Merry Christmas!

Maya Angelou is a great American poet. A few years ago at a Christmas tree lighting at the White House, she read a poem written for the occasion.

It is called Amazing Peace.

Here’s what it said:

Thunder rumbles in the mountain passes
And lightning rattles the eaves of our houses.
Floodwaters wait in our avenues.

Snow falls upon snow, falls upon snow to avalanche
Over protected villages.
The sky slips low and gray and threatening.

We question ourselves.
What have we done to so affront nature?
We interrogate and worry God.
Are you there? Are you there, really?
Does the covenant you made with us still hold?

Into this climate of fear and apprehension, Christmas enters,
Streaming lights of joy, ringing bells of hope
And singing carols of forgiveness high up in the bright air.
The world is encouraged to come away from rancor,
Come the way of friendship.

It is the Glad Season.
Thunder ebbs to silence and lightning sleeps quietly in the corner.
Floodwaters recede into memory.
Snow becomes a yielding cushion to aid us
As we make our way to higher ground.

Hope is born again in the faces of the children.
It rides on the shoulders of our aged as they walk into their sunsets.
Hope spreads around the earth, brightening all things,
Even hate, which crouches breeding in dark corridors.

In our joy, we think we hear a whisper.
At first it is too soft. Then only half heard.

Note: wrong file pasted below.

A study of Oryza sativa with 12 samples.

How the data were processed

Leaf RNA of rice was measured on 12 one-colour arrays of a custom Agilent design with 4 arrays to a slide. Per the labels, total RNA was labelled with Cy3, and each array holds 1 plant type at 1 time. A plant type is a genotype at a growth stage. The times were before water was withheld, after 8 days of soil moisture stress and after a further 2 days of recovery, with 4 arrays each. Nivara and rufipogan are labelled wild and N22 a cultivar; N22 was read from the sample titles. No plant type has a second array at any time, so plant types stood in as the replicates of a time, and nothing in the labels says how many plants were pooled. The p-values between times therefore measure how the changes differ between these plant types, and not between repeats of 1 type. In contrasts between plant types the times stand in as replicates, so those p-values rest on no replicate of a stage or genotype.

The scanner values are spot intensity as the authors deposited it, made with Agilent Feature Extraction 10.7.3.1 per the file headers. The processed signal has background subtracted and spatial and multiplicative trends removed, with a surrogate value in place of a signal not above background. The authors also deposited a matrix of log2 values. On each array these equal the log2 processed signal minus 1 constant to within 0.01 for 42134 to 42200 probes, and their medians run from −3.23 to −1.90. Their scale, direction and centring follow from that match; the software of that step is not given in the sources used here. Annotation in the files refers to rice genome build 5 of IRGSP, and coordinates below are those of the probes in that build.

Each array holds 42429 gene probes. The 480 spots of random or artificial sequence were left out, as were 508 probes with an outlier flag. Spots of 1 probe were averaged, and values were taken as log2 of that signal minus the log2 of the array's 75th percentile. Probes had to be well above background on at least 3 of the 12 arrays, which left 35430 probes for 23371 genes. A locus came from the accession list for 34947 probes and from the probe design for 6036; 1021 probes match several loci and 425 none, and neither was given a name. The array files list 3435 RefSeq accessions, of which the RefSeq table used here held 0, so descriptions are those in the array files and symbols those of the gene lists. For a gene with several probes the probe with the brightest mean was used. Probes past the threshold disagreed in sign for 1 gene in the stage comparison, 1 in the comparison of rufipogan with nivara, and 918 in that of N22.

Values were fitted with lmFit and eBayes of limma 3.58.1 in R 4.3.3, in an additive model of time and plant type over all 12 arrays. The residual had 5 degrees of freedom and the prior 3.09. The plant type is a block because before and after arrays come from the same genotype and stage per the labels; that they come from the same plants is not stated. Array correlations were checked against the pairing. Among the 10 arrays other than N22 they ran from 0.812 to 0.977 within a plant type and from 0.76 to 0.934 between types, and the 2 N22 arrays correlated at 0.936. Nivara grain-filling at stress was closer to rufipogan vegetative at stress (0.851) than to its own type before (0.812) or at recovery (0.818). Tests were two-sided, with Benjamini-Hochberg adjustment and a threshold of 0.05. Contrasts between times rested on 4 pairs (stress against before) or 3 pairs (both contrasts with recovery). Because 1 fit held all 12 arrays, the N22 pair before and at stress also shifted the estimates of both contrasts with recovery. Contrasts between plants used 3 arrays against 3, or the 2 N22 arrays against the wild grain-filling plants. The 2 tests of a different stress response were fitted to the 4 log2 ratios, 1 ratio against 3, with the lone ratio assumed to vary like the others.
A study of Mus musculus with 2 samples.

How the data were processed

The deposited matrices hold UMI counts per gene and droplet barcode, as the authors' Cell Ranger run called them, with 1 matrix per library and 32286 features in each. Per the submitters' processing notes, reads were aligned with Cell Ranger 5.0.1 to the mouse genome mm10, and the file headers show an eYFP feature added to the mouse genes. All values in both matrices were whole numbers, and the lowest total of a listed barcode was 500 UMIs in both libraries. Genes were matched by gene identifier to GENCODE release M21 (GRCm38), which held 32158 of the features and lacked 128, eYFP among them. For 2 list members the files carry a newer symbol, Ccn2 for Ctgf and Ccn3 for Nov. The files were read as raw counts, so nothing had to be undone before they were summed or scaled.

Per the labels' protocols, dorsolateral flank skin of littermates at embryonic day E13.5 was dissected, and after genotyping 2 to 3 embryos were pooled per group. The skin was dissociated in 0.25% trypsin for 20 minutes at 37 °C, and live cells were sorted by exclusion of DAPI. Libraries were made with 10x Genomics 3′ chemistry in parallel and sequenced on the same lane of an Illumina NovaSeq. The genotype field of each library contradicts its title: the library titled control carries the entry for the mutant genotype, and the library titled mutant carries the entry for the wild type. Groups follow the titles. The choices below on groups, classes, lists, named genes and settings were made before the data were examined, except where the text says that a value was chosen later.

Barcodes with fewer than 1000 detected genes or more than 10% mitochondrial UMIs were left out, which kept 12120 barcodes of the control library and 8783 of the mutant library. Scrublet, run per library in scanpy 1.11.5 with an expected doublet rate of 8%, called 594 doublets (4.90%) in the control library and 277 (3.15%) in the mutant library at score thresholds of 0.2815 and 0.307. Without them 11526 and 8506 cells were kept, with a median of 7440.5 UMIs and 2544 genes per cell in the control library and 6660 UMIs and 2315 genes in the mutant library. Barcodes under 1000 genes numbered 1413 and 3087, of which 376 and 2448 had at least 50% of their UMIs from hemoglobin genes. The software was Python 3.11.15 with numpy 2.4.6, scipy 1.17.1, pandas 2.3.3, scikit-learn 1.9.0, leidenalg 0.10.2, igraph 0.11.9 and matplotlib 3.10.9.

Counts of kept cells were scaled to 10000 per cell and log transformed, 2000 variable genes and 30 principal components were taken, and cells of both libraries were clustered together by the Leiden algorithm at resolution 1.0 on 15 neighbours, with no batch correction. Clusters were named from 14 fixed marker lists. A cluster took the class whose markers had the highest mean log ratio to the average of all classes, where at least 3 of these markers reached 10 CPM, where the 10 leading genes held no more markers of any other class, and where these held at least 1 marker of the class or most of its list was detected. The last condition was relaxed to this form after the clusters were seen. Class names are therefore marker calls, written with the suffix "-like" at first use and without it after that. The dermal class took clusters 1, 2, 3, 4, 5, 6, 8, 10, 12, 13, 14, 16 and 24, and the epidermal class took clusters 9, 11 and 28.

We listen carefully as it gathers strength.
We hear a sweetness.
The word is Peace.
It is loud now.
Louder than the explosion of bombs.

We tremble at the sound. We are thrilled by its presence.
It is what we hungered for.
Not just the absence of war. But true Peace.
A harmony of spirit, a comfort of courtesies.
Security for our loves and beloveds and their beloveds.

We clap hands and welcome the Peace of Christmas.
We beckon this good season to wait awhile with us.
We, Baptist and Buddhist, Methodist and Muslim, say come.
Peace.

Come and fill us and our world with your majesty.
We, the Jew and the Jainist, the Catholic and the Confucian,
Implore you to stay awhile with us.
So we may learn by your shimmering light
How to look beyond complexion and see community.

It is Christmas time, a halting of hate time.
On this platform of peace, we can create a language
To translate ourselves to ourselves and to each other.

At this Holy Instant, we celebrate the Birth of Jesus Christ
Into the great religions of the world.
We jubilate the precious advent of trust.
We shout with glorious tongues the coming of hope.
All the earth’s tribes loosen their voices
To celebrate the promise of
Peace.

We, Angels and Mortals, Believers and Nonbelievers,
Look heavenward ands speak the word aloud.
Peace.

We look at our world and speak the word aloud.
Peace.

We look at each other, then into ourselves,
And we say without shyness or apology or hesitation:

Peace, My Brother
Peace, My Sister
Peace, My Soul.

As I reread this poem, several things impress me.

She says this is the season of hope and peace. My experience is that we intentionally choose to be hopeful and we intentionally work for peace. They don’t just happen.

She reminds us to highlight the blessing. To pray for peace. To look for peace. As she starts the poem she reminds us of storms, floods and difficulties of life. But, in the midst of all this, comes a message of hope and peace. We are a blessed people, working in a blessed company, living in a blessed country. We often let difficulties and the worries of the day cover the blessings which are bestowed on us. The blessing blends into the difficulties and remains transparent to us.

Maya Angelou’s poem raises up the notion that this is no season for blending the blessing. It is Christmas. Count your blessings and highlight them.

To my Brothers and Sisters in the PalletOne Family: Peace to You! Merry Christmas!